Such a relief, feeling better. And I do mean better, body and tooth. Whatever last weekend’s illness was, it’s gone. I almost think it had to do with the tooth that went bad at the same time. Is that a thing that happens? I could be convinced.
The root canal Tuesday morning went as expected: an ordeal to be sure, but nothing like the bloody thrashing screaming dental molestations I remember from my youth (no wonder so many people from older generations have horrible teeth … they had bad experiences with dentists as children and could never be persuaded to go back).
One more visit with my regular dentist later this month to finish off the endodontist’s work, and we’re done. For now, though, the pain is gone. I never needed to get into the oxycodone, so that’s good. I felt well enough to work at the museum Wednesday, visit the gym Friday, and go for a bike ride this morning.
In the news Thursday was a report that General Petraeus had shared top secret information with reporters. At the gym Friday morning the wall monitors were set to Fox News. Other gym rats were watching and listening, so I got on the stationary bicycle and tried to lose myself in a Kindle book. After pedaling for a few minutes I overheard the words “top secret” and thought how remarkable it was that Fox News would mention General Petraeus in a negative context. When I glanced up, though, it turned out they were beating the Hillary Clinton email drum, as they do 24/7. I bet they never even mentioned the Petraeus story … it certainly doesn’t align with their narrative. Nor does the story about Bush & Cheney deleting over 2 million “private server” email messages in 2007.
I guess my question is this: was the Petraeus story spin from Hillary’s people, or was Fox attempting to distract from the Petraeus story? At this point I’d believe anything.
Donna was still at her sewing retreat this morning, so she couldn’t come on the bike ride, but three other Trail Trash members rode from Hi Corbett Field to 4th Avenue and back with me. Here we are, posing in front of a mural on 6th Street:
I led this morning’s ride. My original plan had been to follow the trail I scouted a couple of weeks ago, rehearsing for next weekend’s bike hash, but it was getting humid in a hurry so I chose a shorter route downtown and back. It’s probably good that I did, because now I have a shorter backup trail in case it’s crazy hot on Sunday the 19th, the day of the bike hash. According to the forecast, it may well be.
Last night parts of Tucson got heavy rain and even hail, a precursor to the coming monsoons. I was out front taking photos in our yard when a few drops fell. Apparently that was our share of the bounty. Polly said it rained like crazy at the Ace Hardware store where she works, just two and a half miles from here, and a friend across town lost a big tree when a microburst hit her neighborhood. Here’s the iPhone photo I took just as a single splat hit the back of my neck and sent me scurrying indoors.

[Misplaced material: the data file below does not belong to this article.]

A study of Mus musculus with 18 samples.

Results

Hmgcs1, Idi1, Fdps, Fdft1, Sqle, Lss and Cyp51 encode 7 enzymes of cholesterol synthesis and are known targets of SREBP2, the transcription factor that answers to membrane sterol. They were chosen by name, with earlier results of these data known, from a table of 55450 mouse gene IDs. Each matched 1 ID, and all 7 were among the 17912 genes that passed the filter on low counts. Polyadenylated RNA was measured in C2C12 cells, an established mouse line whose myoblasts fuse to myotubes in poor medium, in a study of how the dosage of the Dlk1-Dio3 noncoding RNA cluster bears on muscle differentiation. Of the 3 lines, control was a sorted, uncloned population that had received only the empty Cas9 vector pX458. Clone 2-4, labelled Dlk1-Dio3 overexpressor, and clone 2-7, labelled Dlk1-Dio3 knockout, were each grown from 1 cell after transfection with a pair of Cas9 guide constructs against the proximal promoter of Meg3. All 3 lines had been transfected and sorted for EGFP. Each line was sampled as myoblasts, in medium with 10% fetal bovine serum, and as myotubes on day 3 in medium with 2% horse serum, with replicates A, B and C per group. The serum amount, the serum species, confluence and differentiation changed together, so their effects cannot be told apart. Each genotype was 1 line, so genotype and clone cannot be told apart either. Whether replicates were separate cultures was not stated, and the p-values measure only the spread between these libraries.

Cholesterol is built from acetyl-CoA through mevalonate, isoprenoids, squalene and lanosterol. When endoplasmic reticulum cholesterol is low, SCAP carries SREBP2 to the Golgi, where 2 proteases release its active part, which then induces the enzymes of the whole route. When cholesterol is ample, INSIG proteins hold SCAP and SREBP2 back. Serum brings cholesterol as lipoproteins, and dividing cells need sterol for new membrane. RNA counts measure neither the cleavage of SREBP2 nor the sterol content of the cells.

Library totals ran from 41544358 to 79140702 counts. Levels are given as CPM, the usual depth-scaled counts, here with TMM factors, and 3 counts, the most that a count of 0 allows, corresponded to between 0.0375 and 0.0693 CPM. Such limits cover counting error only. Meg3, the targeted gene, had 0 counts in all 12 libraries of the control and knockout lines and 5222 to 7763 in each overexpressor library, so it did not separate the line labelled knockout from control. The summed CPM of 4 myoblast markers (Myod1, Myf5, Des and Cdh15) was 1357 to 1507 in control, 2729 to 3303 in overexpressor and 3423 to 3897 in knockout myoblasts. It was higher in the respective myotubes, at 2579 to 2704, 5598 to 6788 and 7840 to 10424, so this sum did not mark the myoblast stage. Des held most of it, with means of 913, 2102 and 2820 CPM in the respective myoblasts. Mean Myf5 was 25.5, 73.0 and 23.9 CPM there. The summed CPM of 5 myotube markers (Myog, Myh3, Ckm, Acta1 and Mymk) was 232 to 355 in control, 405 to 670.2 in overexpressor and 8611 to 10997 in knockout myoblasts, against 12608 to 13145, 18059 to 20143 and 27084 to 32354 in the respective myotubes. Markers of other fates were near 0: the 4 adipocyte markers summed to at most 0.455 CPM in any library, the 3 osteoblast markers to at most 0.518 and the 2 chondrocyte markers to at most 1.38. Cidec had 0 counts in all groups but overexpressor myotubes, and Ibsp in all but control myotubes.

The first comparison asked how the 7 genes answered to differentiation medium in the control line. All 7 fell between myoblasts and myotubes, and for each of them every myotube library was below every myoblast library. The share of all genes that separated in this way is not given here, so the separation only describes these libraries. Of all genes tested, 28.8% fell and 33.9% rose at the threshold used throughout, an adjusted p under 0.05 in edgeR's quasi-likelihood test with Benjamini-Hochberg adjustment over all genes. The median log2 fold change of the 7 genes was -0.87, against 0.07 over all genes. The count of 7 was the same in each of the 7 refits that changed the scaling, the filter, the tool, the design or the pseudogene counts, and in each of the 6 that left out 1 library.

FYI, I started posting photos to Instagram and Pinterest (the links go to my accounts at each site). Dinosaur that I am, I was initially slow to engage with other posters, but I’m starting to loosen up. I like the idea of sharing stuff on Pinterest.
Cleaning out the blog’s spam comment trap this morning, I found this.
I’ve seen similar spam before. This time I actually “gogled” fellatio’s content tool, and now I’m angry. Remember me posting about a Facebook friend’s monetized blog a while back? I wrote about a woman with a blog who posted articles with titles like “Be a Data-Driven Blogger,” “Blog Automation for Shameless Self-Promotion,” and “Posts Not Turning Heads?” People like that tend to call blog posts “content,” and the content almost always seems to have been copied.
I take pride in writing my own stuff. Sometimes my stuff gets repurposed. It happens most often with a primer on hashing I wrote in 1995: it’s been copied I don’t know how many times, sometimes by professional journalists. Sometimes in altered form, sometimes word for word. One thing they never manage to copy, though, is my name. When the original Wikipedia entry for the Hash House Harriers went up in 2003, it was taken verbatim from my primer … without, it need hardly be mentioned, a link to the original or any credit to me.
I would not be surprised to learn some of my Air-Minded articles on aircraft and aviation have been similarly mined for “content.” I mean, you can put a copyright notice on everything you write … and I do … but without a lawyer on staff, what good does that do? To make things worse, now that I’ve foolishly taken a glance at fellatio’s little spam app, I realize there are web applications for content thieves, designed to prevent, through rewording and restructuring, original authors from proving their stuff has been stolen.
God damn it, that’s depressing. I remember how shocked I was when, as a teaching fellow at Cal State Sacramento, a student handed in an obviously-plagiarized essay. Apparently I’m still capable of shock. Steal my writing and pass it off as your own? That, to me, is a shoot-to-kill offense. And I’m not kidding.